While there are plenty of financial professionals who discourage the use of credit cards, it’s important to reexamine that recommendation. After all, there are plenty of ways to save money through credit cards. Consider the following ways you can get started.
1. Credit Card Points
There are so many people who attribute their annual vacations, fancy hotel stays and luxurious spa treatments to their credit card points. When your credit card points add up, you can use them on a variety of purchases. If you have a credit card with a specific airline, use their point system in order to save up for a flight. Just by using the credit card on your usual expenses, you’ll end up accumulating points. There are tons of people who look like they’re buying all of these luxurious experiences when they’re actually talented at using their credit card points to their advantage. When you use the credit card points in the correct way, you don’t need to come out of pocket for that first-class airline ticket you’ve had your eye on.
2. Access to Increased Capital
An increased credit card limit can help you save money. When you have more capital at your disposal, you can leverage it when you’re ready to invest in a business or another profitable enterprise. If you need to buy a ton of inventory, you can use a credit card with a 0% interest rate that will allow you to pay off the balance within 12 months with no fees. When you have this type of deal, you won’t need to come out of pocket for your inventory. You’ll have plenty of time to make a profit off of the inventory. Then, you can use a portion of your profits to pay off the balance in full. This is what it means to save money and leverage.
Improved Credit Score
When you have great credit, you’ll develop an excellent credit score. Your credit score will allow you to enjoy lower interest rates on mortgages and other major purchases. While you might not feel it immediately, a lower interest can equate to hundreds of thousands of dollars that you’ve saved in the long run.
There are plenty of cash-back programs that reward you when you use their services. The same concept applies to credit card companies. Each time you make a purchase at a certain location, you can earn cashback at the end of a monthly cycle. While the cash might not amount to hundreds of dollars, it’s still money you’re making because you’ve used the credit card to do so. Also, if you’re trying to carry yourself until the next pay period, there are cards where you can do a cash withdrawal if you’re in an emergency and need physical cash.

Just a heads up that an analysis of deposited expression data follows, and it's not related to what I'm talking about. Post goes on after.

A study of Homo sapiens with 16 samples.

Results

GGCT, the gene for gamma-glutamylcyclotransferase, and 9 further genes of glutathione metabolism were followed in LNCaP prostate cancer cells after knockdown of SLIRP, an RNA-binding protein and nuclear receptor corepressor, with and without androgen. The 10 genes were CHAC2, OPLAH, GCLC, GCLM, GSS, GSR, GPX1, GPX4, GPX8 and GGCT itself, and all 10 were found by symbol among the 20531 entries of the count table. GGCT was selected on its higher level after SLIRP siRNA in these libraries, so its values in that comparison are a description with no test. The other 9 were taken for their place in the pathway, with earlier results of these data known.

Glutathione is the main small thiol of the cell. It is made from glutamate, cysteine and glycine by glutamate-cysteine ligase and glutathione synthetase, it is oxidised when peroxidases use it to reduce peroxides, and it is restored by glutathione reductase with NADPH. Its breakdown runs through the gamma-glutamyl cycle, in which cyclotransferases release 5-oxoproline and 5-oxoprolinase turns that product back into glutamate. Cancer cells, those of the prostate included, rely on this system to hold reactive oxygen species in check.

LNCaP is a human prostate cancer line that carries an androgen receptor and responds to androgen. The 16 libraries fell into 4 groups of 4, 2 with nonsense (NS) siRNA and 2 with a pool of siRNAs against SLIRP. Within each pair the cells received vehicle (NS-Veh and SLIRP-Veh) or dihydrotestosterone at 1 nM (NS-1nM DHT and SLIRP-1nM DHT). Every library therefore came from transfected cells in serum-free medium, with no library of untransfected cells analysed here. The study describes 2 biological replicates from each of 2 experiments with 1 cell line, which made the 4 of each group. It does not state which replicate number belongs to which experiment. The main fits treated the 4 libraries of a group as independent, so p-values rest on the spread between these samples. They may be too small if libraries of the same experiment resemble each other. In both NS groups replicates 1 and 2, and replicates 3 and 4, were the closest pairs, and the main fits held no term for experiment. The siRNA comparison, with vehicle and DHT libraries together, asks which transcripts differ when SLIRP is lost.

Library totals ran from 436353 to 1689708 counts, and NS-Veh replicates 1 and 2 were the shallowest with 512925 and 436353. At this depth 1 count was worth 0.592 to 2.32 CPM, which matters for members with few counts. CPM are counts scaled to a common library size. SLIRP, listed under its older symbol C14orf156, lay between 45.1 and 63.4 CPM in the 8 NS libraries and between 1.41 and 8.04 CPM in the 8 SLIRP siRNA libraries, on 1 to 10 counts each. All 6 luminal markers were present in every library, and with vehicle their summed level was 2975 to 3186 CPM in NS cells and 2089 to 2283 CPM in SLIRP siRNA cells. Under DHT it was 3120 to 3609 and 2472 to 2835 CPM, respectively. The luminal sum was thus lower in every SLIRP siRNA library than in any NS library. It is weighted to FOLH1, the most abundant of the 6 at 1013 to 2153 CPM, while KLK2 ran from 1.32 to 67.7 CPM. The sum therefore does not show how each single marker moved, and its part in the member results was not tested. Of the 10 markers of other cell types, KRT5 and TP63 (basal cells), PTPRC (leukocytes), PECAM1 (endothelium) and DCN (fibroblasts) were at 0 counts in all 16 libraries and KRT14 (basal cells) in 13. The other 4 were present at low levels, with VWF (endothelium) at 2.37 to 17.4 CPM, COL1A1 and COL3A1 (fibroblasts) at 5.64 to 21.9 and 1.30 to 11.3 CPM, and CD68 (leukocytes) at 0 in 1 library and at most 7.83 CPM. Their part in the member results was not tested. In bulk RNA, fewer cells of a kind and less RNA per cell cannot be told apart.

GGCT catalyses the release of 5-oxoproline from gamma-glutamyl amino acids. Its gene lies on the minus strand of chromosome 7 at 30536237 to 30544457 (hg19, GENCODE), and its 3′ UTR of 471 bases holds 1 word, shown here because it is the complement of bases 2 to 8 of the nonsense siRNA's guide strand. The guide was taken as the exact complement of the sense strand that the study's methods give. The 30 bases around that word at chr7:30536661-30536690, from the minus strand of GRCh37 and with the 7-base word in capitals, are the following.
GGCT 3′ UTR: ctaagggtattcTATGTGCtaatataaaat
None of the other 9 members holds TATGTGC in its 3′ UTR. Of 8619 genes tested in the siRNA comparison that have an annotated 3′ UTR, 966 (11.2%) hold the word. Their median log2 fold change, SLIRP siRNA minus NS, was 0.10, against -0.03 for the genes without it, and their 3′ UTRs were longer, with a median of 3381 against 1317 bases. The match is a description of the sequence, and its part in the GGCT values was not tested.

5. Balance Transfers
When you’re first working on your credit score, it’s not uncommon to deal with a high-interest rate. The goal is to eventually work on decreasing your interest rate. When you have a low-interest rate, you’ll spend less money on credit card fees. When you carry a balance on any credit card, chances are you’ll have to deal with those interest rates. When you transfer the balance to a different card, you’ll end up saving money on interest fees. Granted, you don’t want to carry a large amount of debt on your credit cards. However, when you can move and shift the balance around a bit, it will help you save money in fees.
6. Sign-Up Bonuses
When you have great credit, credit card companies will do almost anything to get you to sign up for their credit cards. They can rely on you to pay on time. That’s the perfect customer. In a desire to attract your business, there are businesses that will incentive the process by giving you a sign-up bonus. You can earn money just by signing up for their credit card. This is a great way to make some extra money. You can set that money aside in your savings account. You might choose to use it in order to pay for a vacation. It’s up to you. There’s nothing like earning free money.
7. Discount Days
If you tend to frequently shop at a specific store that offers a credit card, you might want to start utilizing the credit lines that they offer. Usually, the store clerk will ask you if you’d like to sign up for a card when you’re in the checkout line. You might want to say the next time they ask you if you’d like to sign up for one. This is because many stores offer discount days that are specifically reserved for individuals who hold credit cards with that particular store. If you’re someone who shops at the store on a consistent basis, you might as well visit during the days when they have discounts. You’ll save money on the purchases you were planning on making anyway. However, before you sign up, be sure to read the fine print. Know the interest rates and details before you sign the dotted lines.
If you’re someone who isn’t disciplined with paying off credit cards by their due dates, you might want to work on that area first. Then, as you become more disciplined with your spending and saving habits, use credit cards in order to leverage your financial portfolio.